Come July 21 this year, Pink Dot SG, Singapore’s landmark LGBTQ-affirming event, marks its milestone tenth edition with an expanded array of activities and a strong message to Singaporeans.
“For the past nine editions, Pink Dot has worked hard to win the hearts and minds of Singaporeans, to help bring the message of inclusion and diversity to everyone on this Little Red Dot,” said Pink Dot SG spokesperson, Paerin Choa.
“Hence, as we celebrate this important milestone, we want to call on every Singaporean who seeks a more open-minded and inclusive Singapore to stand with us, to say We Are Ready. We Are Ready to embrace diversity. We Are Ready to stand with our LGBTQ friends and family members. We are ready to engage in meaningful conversations on this issue that matters dearly to us. We Are Ready for a Singapore that truly celebrates equality and inclusion.”
As the community grows more inclusive in its programmes, but the same cannot be said about the manner in which the organisers are forced to carry out the event. The event will continue the last year’s use of barricades and check points and attendees will still be required to show photo ID (pink/blue NRIC or passport) to volunteers and security personnel before being admitted into the park. This year, attendees will come in through one dedicated entrance with twice as many checkpoints as the previous year.
The organisers noted that while foreigners will not be able to attend the Pink Dot rally, they will be allowed to attend the fringe events at Pink Fest.
The Pink Dot Concert will also be hosted on a purpose-built stage as Telok Ayer Hong Lim Green Community Centre undergoes renovations. This means higher operating cost for the organisers. In a media conference on Tuesday (22 May), Pink Dot spokesperson Paerin Choa said, “The increase in cost this year comes from having to build a stage.”
In fact, organisers say that they are struggling to raise sufficient sponsorship funds for this year due to the weak economy and lack of publicity for the event. In November 2016, amendments were made to the Public Order Act (Unrestricted Area) which barred foreigners from participating in assemblies and processions at the Speakers’ Corner. Sponsorship from foreign companies was also restricted.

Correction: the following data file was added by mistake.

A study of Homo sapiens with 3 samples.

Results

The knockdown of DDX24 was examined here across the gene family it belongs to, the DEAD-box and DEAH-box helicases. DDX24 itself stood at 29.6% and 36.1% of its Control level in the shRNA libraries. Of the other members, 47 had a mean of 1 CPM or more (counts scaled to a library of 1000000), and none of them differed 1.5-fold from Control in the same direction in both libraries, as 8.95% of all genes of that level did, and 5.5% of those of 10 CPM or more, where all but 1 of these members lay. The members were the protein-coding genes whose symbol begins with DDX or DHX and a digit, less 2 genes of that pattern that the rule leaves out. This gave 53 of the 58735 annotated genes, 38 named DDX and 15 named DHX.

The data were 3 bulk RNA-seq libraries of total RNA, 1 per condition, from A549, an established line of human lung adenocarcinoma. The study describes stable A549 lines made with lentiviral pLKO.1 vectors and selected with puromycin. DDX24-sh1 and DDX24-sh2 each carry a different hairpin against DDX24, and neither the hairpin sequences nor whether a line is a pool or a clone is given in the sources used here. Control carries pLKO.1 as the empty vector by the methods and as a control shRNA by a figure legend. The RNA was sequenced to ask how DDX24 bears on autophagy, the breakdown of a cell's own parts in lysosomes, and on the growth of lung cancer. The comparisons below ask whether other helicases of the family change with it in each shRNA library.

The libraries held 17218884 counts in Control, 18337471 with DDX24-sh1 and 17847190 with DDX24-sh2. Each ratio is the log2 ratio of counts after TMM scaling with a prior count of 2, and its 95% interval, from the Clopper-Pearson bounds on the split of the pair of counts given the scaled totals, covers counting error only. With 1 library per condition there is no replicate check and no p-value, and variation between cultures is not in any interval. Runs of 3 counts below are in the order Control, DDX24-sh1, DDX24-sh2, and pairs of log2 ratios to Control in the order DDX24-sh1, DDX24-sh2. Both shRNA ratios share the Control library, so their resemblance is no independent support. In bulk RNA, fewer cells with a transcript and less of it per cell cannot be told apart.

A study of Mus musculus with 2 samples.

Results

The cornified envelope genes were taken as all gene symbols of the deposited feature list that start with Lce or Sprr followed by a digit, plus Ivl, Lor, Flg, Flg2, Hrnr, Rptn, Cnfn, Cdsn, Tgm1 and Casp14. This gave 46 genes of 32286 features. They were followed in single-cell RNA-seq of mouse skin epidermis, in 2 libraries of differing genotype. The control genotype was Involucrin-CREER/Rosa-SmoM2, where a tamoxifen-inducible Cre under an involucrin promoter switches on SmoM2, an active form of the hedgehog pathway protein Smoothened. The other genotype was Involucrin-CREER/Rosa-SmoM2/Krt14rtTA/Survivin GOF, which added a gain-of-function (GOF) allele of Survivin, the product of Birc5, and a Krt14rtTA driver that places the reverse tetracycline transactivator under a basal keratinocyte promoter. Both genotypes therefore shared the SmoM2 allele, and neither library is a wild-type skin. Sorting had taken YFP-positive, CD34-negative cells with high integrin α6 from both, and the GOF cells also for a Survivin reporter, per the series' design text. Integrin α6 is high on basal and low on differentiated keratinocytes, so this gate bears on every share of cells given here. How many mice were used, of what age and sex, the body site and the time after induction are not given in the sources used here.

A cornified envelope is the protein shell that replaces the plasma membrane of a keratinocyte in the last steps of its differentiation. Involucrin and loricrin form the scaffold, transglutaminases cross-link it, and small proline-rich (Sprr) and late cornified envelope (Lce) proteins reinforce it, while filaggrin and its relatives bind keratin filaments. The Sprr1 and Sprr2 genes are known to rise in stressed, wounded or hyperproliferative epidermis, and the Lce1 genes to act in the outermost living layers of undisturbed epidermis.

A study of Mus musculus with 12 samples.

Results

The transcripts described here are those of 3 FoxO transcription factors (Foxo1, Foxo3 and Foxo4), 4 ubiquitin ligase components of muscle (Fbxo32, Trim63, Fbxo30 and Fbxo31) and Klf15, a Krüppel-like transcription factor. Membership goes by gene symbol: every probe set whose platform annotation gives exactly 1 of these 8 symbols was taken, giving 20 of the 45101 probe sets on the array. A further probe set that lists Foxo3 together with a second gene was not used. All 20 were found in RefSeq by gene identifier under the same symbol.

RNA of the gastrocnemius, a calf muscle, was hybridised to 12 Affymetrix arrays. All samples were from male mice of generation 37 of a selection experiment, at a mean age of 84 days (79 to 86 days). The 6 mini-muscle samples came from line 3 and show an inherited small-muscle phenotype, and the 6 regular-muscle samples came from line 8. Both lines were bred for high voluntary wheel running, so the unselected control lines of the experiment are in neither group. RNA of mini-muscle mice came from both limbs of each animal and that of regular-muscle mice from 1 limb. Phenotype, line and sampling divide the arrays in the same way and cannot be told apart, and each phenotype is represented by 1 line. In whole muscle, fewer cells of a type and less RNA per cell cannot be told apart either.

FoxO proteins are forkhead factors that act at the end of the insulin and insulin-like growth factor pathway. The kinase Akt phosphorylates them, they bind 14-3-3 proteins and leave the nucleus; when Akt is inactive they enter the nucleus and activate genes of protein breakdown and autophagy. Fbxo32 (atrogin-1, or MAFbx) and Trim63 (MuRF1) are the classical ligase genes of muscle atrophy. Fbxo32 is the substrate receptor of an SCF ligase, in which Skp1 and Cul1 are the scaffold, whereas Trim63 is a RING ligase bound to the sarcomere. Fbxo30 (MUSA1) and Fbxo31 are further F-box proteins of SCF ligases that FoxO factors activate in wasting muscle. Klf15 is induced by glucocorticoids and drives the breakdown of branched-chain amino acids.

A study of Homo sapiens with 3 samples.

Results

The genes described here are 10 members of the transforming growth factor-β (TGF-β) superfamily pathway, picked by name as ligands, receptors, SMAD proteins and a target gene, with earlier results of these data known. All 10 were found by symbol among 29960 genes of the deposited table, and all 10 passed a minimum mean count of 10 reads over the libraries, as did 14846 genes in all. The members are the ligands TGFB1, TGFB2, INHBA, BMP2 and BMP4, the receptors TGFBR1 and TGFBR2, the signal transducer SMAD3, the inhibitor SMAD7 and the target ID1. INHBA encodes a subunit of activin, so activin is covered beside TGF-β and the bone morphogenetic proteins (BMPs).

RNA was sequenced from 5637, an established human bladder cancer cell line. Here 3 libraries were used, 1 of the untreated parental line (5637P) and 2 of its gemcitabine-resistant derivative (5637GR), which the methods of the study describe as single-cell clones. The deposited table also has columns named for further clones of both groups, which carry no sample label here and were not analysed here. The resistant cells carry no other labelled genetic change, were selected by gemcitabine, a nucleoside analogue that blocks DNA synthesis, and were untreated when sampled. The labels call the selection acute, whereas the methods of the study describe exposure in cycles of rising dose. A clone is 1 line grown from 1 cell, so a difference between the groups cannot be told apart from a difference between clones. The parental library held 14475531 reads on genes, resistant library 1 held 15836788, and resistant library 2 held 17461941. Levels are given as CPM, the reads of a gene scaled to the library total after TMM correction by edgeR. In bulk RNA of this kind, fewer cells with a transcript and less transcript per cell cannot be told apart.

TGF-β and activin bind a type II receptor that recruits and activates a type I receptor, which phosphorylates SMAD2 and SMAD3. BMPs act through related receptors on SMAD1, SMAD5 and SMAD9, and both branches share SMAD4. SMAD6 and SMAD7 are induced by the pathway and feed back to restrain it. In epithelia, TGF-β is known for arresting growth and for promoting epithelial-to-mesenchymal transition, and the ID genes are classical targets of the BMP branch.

So far, only 65 local corporate sponsors have signed on to date, these include business leaders including Ho Kwon Ping (Executive Chairman of Banyan Tree Holdings), Adrianna Tan (Founder of Wobe), Gwendolyn Regina (Founder of SGEntrepreneurs), Royston Tay (Founder of Zopim), Goh Yiping (Venture Partner, Quest Ventures), and Mohan Belani (Founder of e27).
The fundraising initiative was also launched last year by Mr Darius Cheung, the founder of property portal 99.co. Called Red Dot for Pink Dot, it is a website for local companies to sign up as Pink Dot sponsors.
The organisers are aiming to get more on board in order to meet their sponsorship target. In comparison, 2017’s event at Hong Lim Park drew a total of 120 sponsors and raised S$201,000, exceeding their initial goal of S$150,000.
The organisers stated that there is still “some way to go” to achieve the funds required to stage the annual rally on 21 July, though they did not reveal their fundraising target for this year.
One key highlight, PinkFest, will see close to a dozen businesses, groups and individuals, LGBTQ and straight allies, organising an assortment of privately-run activities and events geared towards greater engagement with Singaporeans. Spanning the two weekends before Pink Dot, PinkFest is conceived as a festival of reflection, collaboration and jubilation; a platform on which everyone can join in supporting the Freedom to Love.
A major mainstay, the Pink Dot Community Tent will continue welcoming 25 LGBTQ community and support groups. As always, each group brings their unique brand of love and support for the LGBT community. Attendees to Pink Dot are encouraged to visit these groups and learn more about them and stand strong together for a truly inclusive Singapore on Saturday, 21 July 2018.
Pink Dot 10 will also see the roll-out of three community-led campaign videos by three notable local filmmakers: Christopher Khor, Quen Wong and He Shuming.
All three campaign videos focus on continuing challenges faced by LGBT individuals and families, told from the perspectives of a teenager behind the Love, Simon petition, a mother-and-daughter volunteer team, and a queer person from a Malay-Muslim family.